CIETAC Beijing announced on 1 August that it had suspended the authorisation of its Shanghai and South China (Shenzhen) sub-commissions to accept and administer arbitrations.  In response, the Shanghai and South China sub-commissions published a joint statement on 4 August, which declared that:

  • they have been independent arbitration entities since their establishment
  • the purported “authorisation” and “suspension of the authorisation” by CIETAC Beijing have no legal foundation, and therefore  the “suspension” has no binding effect on the two sub-commissions [and the relevant parties]
  • CIETAC Shanghai and CIETAC South China will continue to accept and manage cases submitted to them. CIETAC Shanghai will use its newly-published arbitration rules for any cases that it handles after 1 May 2012. CIETAC South China will continue using the old 2005 CIETAC rules for any cases submitted to it after 1 May 2012 until it publishes its new arbitration rules. CIETAC South China has also re-branded itself the Shenzhen Court of International Arbitration (“SCIA“).

The principal implication for investors in China is considerable uncertainty and an increased likelihood of jurisdictional challenges and/or problems with enforcement in relation to arbitrations submitted to CIETAC Shanghai or South China (SCIA).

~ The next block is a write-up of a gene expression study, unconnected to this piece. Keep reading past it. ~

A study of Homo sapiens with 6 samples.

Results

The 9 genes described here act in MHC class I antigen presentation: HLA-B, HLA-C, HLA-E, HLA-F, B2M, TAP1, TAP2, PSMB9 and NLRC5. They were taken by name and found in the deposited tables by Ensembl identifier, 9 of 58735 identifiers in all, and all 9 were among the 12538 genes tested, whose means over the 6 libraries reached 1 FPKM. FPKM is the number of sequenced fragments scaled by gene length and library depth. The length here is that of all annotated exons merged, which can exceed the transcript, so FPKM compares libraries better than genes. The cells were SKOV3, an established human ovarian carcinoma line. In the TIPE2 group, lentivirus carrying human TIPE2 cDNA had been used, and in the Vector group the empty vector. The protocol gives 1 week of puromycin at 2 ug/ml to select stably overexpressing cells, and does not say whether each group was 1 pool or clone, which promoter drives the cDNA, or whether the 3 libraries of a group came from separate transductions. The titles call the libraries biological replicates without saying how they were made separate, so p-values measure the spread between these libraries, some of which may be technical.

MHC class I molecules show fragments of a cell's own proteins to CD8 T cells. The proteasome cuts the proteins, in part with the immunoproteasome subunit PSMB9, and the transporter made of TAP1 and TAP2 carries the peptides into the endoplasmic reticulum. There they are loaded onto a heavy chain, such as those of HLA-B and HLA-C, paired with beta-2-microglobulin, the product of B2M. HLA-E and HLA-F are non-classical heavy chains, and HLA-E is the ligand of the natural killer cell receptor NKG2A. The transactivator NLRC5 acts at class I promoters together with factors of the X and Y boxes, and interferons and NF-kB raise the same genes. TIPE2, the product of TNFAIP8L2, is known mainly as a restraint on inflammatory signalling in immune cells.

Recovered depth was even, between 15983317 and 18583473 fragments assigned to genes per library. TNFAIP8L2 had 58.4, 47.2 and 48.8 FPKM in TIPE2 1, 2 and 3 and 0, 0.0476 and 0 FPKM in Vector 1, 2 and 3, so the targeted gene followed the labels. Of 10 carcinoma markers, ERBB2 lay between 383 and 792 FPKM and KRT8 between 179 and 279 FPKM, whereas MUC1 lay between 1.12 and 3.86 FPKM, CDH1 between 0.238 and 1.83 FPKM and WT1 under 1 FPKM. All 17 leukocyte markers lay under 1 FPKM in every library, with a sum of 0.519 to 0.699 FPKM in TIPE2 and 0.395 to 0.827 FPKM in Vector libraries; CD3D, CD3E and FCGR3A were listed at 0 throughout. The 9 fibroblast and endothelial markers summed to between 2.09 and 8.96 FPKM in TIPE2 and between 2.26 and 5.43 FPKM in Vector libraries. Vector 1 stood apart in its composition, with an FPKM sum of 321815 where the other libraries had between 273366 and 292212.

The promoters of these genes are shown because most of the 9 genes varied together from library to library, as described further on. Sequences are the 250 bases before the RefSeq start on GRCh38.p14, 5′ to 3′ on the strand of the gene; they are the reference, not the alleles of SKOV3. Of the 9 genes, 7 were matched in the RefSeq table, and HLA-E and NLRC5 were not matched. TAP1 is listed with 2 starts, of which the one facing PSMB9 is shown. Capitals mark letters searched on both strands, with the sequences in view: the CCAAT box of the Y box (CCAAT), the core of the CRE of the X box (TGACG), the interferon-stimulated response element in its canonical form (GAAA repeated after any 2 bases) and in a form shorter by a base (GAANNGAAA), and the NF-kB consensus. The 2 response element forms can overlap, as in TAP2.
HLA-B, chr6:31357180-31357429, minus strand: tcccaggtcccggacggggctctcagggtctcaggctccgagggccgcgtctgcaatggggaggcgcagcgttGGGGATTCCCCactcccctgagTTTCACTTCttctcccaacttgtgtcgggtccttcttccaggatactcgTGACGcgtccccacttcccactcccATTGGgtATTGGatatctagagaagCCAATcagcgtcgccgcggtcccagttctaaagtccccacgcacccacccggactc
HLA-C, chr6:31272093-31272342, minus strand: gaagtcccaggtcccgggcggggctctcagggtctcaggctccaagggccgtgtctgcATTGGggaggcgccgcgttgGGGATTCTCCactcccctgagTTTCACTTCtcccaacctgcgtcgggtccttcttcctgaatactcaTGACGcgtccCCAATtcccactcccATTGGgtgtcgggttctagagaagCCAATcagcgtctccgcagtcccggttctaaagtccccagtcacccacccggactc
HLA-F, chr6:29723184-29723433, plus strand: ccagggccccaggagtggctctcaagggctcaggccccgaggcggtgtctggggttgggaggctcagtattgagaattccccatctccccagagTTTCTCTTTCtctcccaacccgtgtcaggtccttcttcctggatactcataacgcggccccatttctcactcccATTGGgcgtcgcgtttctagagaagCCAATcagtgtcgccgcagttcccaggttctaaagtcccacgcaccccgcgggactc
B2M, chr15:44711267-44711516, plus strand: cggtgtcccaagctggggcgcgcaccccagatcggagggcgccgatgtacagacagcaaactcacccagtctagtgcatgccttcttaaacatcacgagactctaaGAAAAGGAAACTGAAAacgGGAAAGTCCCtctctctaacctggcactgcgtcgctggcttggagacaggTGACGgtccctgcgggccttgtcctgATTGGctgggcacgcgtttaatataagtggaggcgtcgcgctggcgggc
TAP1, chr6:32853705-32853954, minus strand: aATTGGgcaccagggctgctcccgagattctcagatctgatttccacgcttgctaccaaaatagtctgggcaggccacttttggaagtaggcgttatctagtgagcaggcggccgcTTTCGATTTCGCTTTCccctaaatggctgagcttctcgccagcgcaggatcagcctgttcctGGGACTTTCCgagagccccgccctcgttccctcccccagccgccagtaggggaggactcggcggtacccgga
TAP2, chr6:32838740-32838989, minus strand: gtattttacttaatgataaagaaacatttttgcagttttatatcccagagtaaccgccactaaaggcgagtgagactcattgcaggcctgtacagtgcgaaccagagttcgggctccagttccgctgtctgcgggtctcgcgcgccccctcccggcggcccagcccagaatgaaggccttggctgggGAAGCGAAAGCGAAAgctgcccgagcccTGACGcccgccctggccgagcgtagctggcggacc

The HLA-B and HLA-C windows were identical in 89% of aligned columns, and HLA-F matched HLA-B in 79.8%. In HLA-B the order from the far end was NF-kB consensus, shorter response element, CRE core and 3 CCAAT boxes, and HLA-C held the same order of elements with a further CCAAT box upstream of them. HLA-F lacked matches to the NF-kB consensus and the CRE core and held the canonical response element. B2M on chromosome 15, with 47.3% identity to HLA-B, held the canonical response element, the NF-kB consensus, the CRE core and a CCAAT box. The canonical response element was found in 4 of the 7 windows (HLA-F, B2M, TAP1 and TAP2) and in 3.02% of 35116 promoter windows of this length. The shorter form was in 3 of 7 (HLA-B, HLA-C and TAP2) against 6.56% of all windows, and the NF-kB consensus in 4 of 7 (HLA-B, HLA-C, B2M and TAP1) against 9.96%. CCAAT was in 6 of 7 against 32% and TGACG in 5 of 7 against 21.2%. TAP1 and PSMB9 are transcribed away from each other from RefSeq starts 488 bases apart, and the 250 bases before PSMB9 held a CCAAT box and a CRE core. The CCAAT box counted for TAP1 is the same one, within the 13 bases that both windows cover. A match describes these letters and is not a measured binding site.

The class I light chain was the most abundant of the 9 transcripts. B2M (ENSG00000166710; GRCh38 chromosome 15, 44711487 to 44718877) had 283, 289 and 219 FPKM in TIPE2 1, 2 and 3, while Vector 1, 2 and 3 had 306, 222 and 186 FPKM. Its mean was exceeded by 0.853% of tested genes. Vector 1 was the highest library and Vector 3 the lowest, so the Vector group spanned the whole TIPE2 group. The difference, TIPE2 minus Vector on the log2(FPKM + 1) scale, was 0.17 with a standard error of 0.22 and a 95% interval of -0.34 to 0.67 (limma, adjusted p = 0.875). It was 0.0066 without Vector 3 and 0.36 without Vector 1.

At this stage, it is not possible to predict the final outcome of the dispute. Unless and until it is definitively resolved, we recommend that:

  1. When negotiating arbitration clauses, parties who wish to submit disputes to arbitration administered by CIETAC should opt for CIETAC Beijing, and state that choice expressly in the clause. (Note that if you refer disputes to be administered by CIETAC Beijing, it is still possible to elect Shanghai or Shenzhen as the seat of the arbitration.)
  2. Parties who have previously entered into an arbitration agreement or clause that refers disputes to the CIETAC Shanghai or CIETAC South China sub-commission should consider amending it to refer to CIETAC Beijing before a dispute arises. If you choose not to amend the agreement/clause, or cannot reach agreement with your counterparty to amend it, ensure that you take specialist legal advice if you are considering commencing arbitration under the clause.

Please click here for more detail and practical guidance on what to do if you want to refer disputes to arbitration administered by CIETAC or if you have existing clauses that refer disputes to arbitration before CIETAC’s Shanghai or South China sub-commissions.